Mask, Surgical Mask, Virus, Protection

In September of 2021, President Biden announced a new mandate for all employers with 100 or more employees to require either vaccination or weekly testing and use of face masks for all of their employees.  The mandate was issued under the authority of the United States Occupational Safety and Health Administration’s (“OSHA”) right to take certain actions in emergency situations.

As a result, dozens of lawsuits have already been filed seeking to delay and/or overturn the mandate. At least one court   has already issued a stay on the enforcement of the mandate pending a final determination.

On November 4, 2021, OSHA issued an Emergency Temporary Standard (ETS”) which sets forth rules and requirements related to this mandate. The ETS specifies that the mandate applies to employers with 100 or more employees total – meaning, that even if the employer has 10 employees at 10 different locations, the rules still apply to them.  Part-time, seasonal, and full-time employees all get counted towards the total number of employees. Staffing agencies would still count all jointly-employed employees. However, independent contractors are not counted towards this total.

These rules also include the requirement that by December 5, 2021, all covered employers must: determine the vaccination status of their employees; obtain proof of vaccination and maintain records regarding vaccination statuses; require employees to provide immediate notice of any positive Covid-19 test or diagnosis; ensure that unvaccinated employees wear face coverings while indoors or in vehicles with others; provide employees with information about the requirements and policies for vaccination and covid safety measures; and report any work-related Covid-10 fatalities to OSHA within 8 hours and work-related Covid-19 hospitalizations within 24 hours.

Then, beginning on January 4, 2022, covered employers must put vaccine and/or testing mandates in place. Employers must then put into effect their policies regarding vaccination and/or testing.  Employers may either mandate that all employees are vaccinated, or mandate either vaccination or weekly testing and face coverings.  Employers must use either OSHA’s vaccine mandate policy sample or OSHA’s vaccine or testing mandate policy sample. However medical facilities and providers which receive money from Medicare or Medicaid will not have the testing option; they must have a vaccination mandate in place.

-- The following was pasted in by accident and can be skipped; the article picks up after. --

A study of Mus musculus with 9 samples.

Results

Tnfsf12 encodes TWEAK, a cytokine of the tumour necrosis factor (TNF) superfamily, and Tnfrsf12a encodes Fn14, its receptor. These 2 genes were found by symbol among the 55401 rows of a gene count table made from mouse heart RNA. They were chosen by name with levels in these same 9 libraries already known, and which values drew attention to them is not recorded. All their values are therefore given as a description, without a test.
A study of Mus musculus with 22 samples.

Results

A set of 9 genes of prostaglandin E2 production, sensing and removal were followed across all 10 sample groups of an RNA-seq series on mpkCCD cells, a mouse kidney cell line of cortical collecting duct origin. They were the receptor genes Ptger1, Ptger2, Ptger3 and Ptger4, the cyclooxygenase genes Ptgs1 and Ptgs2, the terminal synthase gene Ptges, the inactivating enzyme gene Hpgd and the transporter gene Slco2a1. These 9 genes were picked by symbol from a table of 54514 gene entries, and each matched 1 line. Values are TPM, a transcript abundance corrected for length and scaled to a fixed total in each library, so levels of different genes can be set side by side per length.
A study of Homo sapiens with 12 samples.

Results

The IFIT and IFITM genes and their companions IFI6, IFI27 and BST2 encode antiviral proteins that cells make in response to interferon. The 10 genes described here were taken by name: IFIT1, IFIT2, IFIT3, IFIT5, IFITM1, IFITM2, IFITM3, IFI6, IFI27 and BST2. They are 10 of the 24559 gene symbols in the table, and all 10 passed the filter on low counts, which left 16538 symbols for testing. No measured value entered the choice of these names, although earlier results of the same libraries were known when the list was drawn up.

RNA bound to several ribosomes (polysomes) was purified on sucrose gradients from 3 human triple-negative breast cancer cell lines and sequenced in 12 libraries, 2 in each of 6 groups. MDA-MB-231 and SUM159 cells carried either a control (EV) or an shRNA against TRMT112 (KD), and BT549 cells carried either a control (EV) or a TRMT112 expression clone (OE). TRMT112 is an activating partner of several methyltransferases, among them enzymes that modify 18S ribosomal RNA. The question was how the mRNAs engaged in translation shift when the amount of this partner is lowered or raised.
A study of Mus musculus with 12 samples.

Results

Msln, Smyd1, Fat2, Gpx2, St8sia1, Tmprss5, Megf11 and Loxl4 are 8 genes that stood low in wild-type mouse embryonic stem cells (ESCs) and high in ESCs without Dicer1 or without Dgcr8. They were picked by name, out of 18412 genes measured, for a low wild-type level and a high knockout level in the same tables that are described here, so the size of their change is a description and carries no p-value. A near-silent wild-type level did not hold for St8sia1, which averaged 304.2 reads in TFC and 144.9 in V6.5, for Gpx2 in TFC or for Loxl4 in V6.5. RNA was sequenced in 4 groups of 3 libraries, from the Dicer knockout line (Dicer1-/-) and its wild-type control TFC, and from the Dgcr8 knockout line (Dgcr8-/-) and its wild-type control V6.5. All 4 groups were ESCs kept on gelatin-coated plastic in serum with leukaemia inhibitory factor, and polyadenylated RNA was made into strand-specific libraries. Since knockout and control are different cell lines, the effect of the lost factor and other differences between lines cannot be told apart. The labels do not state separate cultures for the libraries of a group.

If an employee works entirely from home/remotely, then the employer may exclude that employee from the vaccine and/or testing requirements. The employer is also permitted to allow exemptions for medical reasons or sincerely held religious beliefs and/or observances. Without one of these exemptions, an employer is most likely permitted to discipline and/or terminate an employee for refusing to comply with the policy. Moreover, an employer must still require a person exempted for religious or medical reasons to be tested weekly and wear face masks (unless their medical reason or religion prohibits testing as well.)

Employers are required to provide non-exempt (hourly) employees with up to four hours of paid time off for vaccinations obtained during work hours at the employee’s regular rate of pay.  The employer cannot use the employee’s available paid or sick leave benefits for this. However, employers are not required to pay for travel or other costs related to obtaining the vaccine. Employers are also required to compensate employees for a reasonable amount of time to recover from any side effects from the vaccine. This time may be deducted from available sick time or paid time off, but may not be deducted from vacation time and must be provided even if no sick or PTO time is available.  Employers are generally not required to pay for weekly covid testing.

Violations of these rules are expected to face penalties of $14,000 per violation. However, since OSHA has limited employees and resources, it is hard to anticipate how active they will be in enforcing these fines.

Again, this is still an evolving area in which dates, regulations, or interpretations may change as courts are just beginning to review and address this new mandate. The attorneys at McLaughlin & Nardi, LLC are experienced with employment laws, and will continue to monitor the situation so that we can advise both employers and employees about their rights and responsibilities under these new federal mandates.  To learn more about what we may be able to do to help, please contact us by e-mail or telephone at (973) 890-0004.